Are you staring at this screen beneath the skull-buzzing glow of a fluorescent light in an open concept office?
Are you reading this sentence repeatedly, trying to focus over someone’s Bieber playlist?
Have you gained 15 pounds in the last year because your life now largely consists of sitting on your ass for 10+ hours a day?
Is your daily commute causing major anxiety? Do you now begin and end your day with traffic stress?
If you’re like me, no amount of money or upward mobility is worth that type of suffering.
My health and sanity are simply not for sale.
So my workaround is working remotely.
Of course in the grand scheme of things, these are first world problems. But if you were presented with the opportunity to earn a paycheck without having to deal with the corporate grind - would you take it?
As a content writer, creative, and overall square-peg-in-round-hole person, my productivity takes a nose dive in a “normal” office setting. I can’t write and edit well in those environments, and I was fortunate to have a boss who understood that. It took some time, but after proving myself on a trial basis, I now work remotely full-time.
If you're curious about how I successfully escaped from the corporate jailhouse, I’ll be sharing more of that story soon.
Common sense should tell you that a remote gig isn’t for everyone, and if you’re considering asking your boss to cut you loose, there some things you should consider first. If you can't handle some of these challenges, remote work may not be a good option for you.
If you work remotely, but most of your colleagues have to go into the office, prepare for some digital side-eye.
On the surface it may look like you’re being given an unfair privilege. So it will be up to you to make sure you’re going above and beyond to demonstrate your value from a distance. Your communication skills will need to be beyond sharp, and you'll need to be proactive to ward off problems.
Also, remember that relationships matter, and they're harder to cultivate online. So find ways to build camaraderie, and remember that there are humans on the other side of your screen. People will like you more if you use your influence to open doors for others; if you’re in a position to help a colleague achieve a better work/life balance - do it.
The Freedom Problem
My job requires that I sign on during regular business hours, and I need to be fully available during that time for calls and meetings.
But if suddenly, you’re no longer subject to a time clock, you may find yourself still in your pajamas at 3:00, knuckle deep in a tub of hummus - not a good look.
My sanity requires that for the most part, I’m the architect of my day’s flow.
But be honest, how well do you function without structure?
Working remotely requires you to set your own schedule, manage your own timelines, ignore distractions (omg internet!), and like I said before, communicate like a boss. If you struggle with those things, you should probably stay in the office.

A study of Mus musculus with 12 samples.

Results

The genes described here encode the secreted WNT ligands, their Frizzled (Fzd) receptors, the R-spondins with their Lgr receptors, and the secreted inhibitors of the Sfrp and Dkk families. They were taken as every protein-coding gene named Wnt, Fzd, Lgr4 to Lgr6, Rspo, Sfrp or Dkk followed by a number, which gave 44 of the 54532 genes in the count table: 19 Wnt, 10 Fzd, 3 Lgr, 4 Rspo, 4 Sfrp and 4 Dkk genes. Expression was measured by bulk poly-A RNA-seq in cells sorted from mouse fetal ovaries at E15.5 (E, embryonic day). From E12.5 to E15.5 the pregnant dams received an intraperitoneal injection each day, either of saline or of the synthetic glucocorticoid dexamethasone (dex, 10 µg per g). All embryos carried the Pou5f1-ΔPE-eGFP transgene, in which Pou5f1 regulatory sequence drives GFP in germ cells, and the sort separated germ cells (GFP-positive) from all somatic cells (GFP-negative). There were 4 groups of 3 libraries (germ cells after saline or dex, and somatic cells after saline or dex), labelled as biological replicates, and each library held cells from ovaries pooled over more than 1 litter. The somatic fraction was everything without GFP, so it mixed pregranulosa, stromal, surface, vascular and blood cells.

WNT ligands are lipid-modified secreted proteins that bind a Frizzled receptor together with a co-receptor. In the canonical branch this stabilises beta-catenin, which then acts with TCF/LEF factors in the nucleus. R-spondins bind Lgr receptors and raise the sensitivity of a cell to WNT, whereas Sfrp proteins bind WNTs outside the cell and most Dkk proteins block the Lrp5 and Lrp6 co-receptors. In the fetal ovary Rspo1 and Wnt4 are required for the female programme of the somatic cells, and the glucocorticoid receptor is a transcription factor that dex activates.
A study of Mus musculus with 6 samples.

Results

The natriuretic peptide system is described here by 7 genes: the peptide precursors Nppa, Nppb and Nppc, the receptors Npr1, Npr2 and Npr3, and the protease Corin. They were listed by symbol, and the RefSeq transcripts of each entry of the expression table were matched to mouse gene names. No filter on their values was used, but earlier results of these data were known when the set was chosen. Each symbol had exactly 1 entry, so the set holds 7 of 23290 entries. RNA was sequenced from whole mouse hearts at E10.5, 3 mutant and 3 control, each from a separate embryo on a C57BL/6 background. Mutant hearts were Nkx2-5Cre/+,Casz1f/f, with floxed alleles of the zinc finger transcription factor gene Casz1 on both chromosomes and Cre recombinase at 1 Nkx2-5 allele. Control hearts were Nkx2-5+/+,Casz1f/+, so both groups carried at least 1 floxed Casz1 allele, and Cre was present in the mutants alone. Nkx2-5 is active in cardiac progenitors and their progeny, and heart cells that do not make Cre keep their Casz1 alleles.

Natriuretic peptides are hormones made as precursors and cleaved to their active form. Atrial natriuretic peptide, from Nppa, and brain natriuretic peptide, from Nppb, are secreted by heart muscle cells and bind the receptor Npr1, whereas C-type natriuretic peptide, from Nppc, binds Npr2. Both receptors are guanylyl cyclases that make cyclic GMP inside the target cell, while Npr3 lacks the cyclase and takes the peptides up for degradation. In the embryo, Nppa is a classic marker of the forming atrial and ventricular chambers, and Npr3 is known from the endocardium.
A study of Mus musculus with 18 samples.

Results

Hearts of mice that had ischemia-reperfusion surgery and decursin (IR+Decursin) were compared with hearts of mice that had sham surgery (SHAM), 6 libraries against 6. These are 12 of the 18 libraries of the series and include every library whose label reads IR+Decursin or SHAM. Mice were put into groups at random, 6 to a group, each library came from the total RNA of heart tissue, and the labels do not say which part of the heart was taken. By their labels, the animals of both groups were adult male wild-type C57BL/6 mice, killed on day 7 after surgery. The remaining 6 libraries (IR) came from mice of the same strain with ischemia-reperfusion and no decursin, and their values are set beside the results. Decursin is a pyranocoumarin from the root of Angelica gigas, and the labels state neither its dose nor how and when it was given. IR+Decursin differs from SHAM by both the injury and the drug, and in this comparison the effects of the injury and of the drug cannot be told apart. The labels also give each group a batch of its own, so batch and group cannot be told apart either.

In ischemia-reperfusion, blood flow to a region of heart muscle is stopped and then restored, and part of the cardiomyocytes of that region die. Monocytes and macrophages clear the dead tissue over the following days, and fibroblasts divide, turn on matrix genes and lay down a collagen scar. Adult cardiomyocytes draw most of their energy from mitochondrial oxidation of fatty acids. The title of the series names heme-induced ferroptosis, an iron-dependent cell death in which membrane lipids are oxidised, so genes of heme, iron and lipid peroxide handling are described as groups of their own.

I’m an introvert who loves people, and when I connect, I go deep. It’s taken me years to figure out that I need quiet, solo time to charge my batteries every single day.
If you need constant, in-person contact with others, it goes without saying that you’ll be very unhappy working remotely. You'll also dislike this type of work if it’s hard for you to act independently and without consistant affirmation.
My network of colleagues has been growing lately, but I don’t actually work with any of the women in this circle (yet). To combat the isolation factor, I’m connecting with other professional women I can talk shop with, learn from, and bring together for happy hour. Sure it takes more effort because I don’t have office buddies at my disposal, but it’s worth it because of....
The Fear Factor
Remember, you can’t always halt the presses because someone in another time zone didn’t respond to an email. So sometimes, you’ll need to make decisions in a pinch, or go above someone’s head for answers. You’ll need a strong sense of autonomy and self-reliance to get things done by yourself.
Bottom line? You can’t be afraid to set boundaries, ask questions, or push back.
And the thing is, it’s more challenging to build that professional hutzpah when you’re on your own. There’s no one sitting next to give you a pat on the back or to redirect you. If you already tend to second guess yourself, going solo may not be a good move. It’s a slippery slope, and soon you might be questioning the tone of every email in your inbox, and overthinking all of your communication. Which of course makes it really hard to do good work.
So did I scare you back into your cube? I hope not.
In spite of all these challenges, I wouldn't trade my remote hustle for anything. I do a combination of corporate and freelance work (holler!), so it's a great fit for me.
Fellow digital nomads, let's talk.
What are your greatest challenges working solo, and how are you overcoming them?